Stereophile reviews the Mark Levinson No.585 integrated amplifier

25 November 2015 08:57

In July 2000, I reviewed the Mark Levinson company's first integrated amplifier, the No.383, and found that its sound had "clarity, transparency, liquid mids and highs, with dynamic contrasts." Also evident were the No.383's power-output limitations, the result of building large power supplies and heatsinks into a single case that had to fulfill multiple functions. Still, the No.383's price of $5900 was much less than the total cost of the equivalent in Mark Levinson separates. Later, in April 2007, I reviewed a similarly powered integrated amplifier, Bryston's B100-DA ($3195), which included a built-in DAC.

Since July 2000, Class A and B of Stereophile's "Recommended Components" have swollen from 17 to a total of 29 integrated amplifiers. The April 2015 edition of the list shows prices of most integrateds (with the exception of Bel Canto Design's Black system) to be lower than those of comparable component audio systems, and ranging from $3300 to $14,000. Integrateds have continued to be popular in these pages. Within the last 12 months alone, we have reviewed and recommended nine integrated amplifiers—three including built-in DACs—ranging in price from $799 to $50,000, in weight from 2.9 to 77 lbs, and in power output from 22 to 300Wpc.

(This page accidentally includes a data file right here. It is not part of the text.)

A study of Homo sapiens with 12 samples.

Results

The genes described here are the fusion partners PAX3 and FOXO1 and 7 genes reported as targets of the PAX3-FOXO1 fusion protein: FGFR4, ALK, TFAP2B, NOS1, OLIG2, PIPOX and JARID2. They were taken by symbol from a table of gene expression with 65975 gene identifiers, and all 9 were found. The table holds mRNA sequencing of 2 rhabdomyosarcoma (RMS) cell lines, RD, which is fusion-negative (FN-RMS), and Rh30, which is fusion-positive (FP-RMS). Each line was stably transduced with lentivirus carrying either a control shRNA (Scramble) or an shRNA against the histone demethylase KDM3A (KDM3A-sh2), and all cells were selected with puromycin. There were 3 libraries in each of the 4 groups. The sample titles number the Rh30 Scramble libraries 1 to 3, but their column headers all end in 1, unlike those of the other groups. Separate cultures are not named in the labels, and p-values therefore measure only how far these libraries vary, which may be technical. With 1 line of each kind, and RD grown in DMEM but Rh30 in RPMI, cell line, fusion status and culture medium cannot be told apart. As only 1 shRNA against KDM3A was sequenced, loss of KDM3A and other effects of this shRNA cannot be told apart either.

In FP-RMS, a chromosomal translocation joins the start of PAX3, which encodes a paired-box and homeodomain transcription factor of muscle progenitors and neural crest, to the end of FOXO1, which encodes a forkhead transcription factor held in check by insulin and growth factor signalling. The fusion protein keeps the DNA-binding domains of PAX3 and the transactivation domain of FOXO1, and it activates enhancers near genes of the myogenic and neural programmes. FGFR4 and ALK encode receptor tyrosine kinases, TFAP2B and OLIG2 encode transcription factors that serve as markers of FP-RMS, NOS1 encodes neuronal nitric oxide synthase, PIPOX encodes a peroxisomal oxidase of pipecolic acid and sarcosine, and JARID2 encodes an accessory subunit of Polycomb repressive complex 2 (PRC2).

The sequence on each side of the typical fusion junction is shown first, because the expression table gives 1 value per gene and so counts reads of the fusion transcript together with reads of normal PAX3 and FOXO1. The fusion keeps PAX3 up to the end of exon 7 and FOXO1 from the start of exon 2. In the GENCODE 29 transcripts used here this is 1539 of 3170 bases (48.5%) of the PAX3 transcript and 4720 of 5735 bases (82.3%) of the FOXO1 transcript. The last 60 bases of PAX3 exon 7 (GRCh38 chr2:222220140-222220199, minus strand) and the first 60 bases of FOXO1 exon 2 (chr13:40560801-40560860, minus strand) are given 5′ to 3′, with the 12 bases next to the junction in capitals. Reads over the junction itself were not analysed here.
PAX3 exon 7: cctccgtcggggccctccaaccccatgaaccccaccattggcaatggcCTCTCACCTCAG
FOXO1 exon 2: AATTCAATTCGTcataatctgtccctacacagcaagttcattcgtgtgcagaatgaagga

At the 2015 Consumer Electronics Show, the Harman Luxury Audio Group introduced a new Mark Levinson integrated amplifier, the No.585, designed to be compatible with present-day multichannel surround systems and to handle digital signals with an internal, DSD-capable DAC—and managed by a sophisticated and intuitive user interface. When an opportunity arose to review the No.585, I jumped.

What's New
The Mark Levinson No.585 delivers 200Wpc into 8 ohms, provides 6 digital inputs, and sells for $12,000—double the No.383 in all three parameters. New to the '585 are its line-level outputs, its digital-to-analog converter that handles both PCM and DSD digital music files, and is equipped with Harman International's proprietary Clari-Fi circuit for reconstructing compressed digital audio files. The exterior heatsinks of its predecessor have given way to a combination of internal heatsinks and vents in the top and bottom plates, and the new amp's exterior is further streamlined by leaving off the No.383's rear handles. The No.585 is 0.31" narrower, 0.35" taller, and 2.8" deeper—but only 7 lbs heavier—than the No.383. (Even so, the No.585 is Mark Levinson's lightest amplifier.)